This section is from the book "Arts & Crafts Magazine Vol1-2", by Hutchinson & Company.
Either for repousse work or chasing this would be suitable. The relief in raising should be slight, otherwise the work would look " lumpy." The fruit should be carefully modelled and undercut, and great care should be taken to preserve the flow of the lines. The border should be traced in and the ground punched to the edges.
The design is very suitable either for simple work in veining, with the background punched, or low relief. If treated for the former, the outline should be cut in either with a V tool or veiner, and then, without cutting out the ground, punch down with a suitable stamp. This is a splendid way to practise the use of the above-named tools in making long cuts.
As an example of plain tooling and punched ground, this design will prove very useful. It could be adapted to many purposes, and is easily worked. If the design is required to be raised, proceed according to the directions given for the treatment in metalwork. A. J. H.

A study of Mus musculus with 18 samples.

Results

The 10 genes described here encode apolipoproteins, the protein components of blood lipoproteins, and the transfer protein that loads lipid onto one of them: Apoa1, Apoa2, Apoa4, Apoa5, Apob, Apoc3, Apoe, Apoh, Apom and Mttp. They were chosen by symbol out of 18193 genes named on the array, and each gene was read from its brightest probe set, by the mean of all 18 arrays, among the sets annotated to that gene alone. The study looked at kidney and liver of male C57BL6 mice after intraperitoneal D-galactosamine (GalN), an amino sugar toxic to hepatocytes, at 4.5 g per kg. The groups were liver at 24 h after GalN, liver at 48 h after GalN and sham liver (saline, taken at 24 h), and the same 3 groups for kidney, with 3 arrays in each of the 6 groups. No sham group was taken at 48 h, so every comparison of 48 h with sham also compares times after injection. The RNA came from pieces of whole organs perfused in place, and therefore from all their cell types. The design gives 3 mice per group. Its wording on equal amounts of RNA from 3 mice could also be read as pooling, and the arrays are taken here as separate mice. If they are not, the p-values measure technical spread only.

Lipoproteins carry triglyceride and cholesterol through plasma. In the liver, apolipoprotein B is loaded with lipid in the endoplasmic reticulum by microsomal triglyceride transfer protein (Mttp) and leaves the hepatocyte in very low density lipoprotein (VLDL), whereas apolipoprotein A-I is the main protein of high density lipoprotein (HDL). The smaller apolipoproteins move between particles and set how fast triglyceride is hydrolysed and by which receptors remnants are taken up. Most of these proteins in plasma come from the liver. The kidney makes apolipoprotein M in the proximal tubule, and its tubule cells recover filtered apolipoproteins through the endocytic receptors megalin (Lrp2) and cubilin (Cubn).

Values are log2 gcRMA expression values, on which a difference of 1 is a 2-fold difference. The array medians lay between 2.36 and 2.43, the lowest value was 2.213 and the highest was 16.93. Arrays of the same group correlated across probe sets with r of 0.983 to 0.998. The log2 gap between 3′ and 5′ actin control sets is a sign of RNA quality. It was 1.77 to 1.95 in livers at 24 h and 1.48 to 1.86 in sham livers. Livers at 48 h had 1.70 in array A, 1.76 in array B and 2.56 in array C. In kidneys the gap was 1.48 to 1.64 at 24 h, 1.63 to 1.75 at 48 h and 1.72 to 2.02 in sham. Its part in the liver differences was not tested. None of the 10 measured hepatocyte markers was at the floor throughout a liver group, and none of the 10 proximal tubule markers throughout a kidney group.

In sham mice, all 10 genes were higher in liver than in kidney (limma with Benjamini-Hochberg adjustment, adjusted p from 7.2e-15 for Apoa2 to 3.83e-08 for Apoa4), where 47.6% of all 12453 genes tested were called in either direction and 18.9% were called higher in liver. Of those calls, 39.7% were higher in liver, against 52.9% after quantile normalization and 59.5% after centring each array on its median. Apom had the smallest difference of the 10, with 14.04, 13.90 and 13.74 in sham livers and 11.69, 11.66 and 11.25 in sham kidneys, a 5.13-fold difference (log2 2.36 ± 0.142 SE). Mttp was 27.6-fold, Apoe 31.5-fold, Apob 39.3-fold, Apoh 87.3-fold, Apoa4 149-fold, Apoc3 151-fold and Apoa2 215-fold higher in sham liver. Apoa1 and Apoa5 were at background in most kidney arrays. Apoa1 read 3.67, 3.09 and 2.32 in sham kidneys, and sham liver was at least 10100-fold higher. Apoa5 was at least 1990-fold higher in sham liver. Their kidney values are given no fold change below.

The Leather Work Design by Ellen Sparks.
This may be either cut and the background punched back, or the design may be raised from the back: the leaves would particularly lend themselves to the latter treatment. If used as a frame for a clock or photograph, the leather would have to be mounted on wood, which could either be squared, or cut with a fret-saw to follow the outline of the leather.
The design would also look well if "pokered" on leather. In outlining the design on leather, great care must be taken to keep the point comparatively cool, and the strokes must be put in with a light, sweeping touch. The slightest halt while the point is in contact with the material may burn a hole. For the shading, an attachment sold for the purpose should be used. If the work is "pokered" before the leather is mounted on the wood, it must be well stretched on a board with pins, otherwise the heat will draw it up. Light brown calf is the easiest to work on. Staining, in this case, would be very effective, but the colours must be subdued.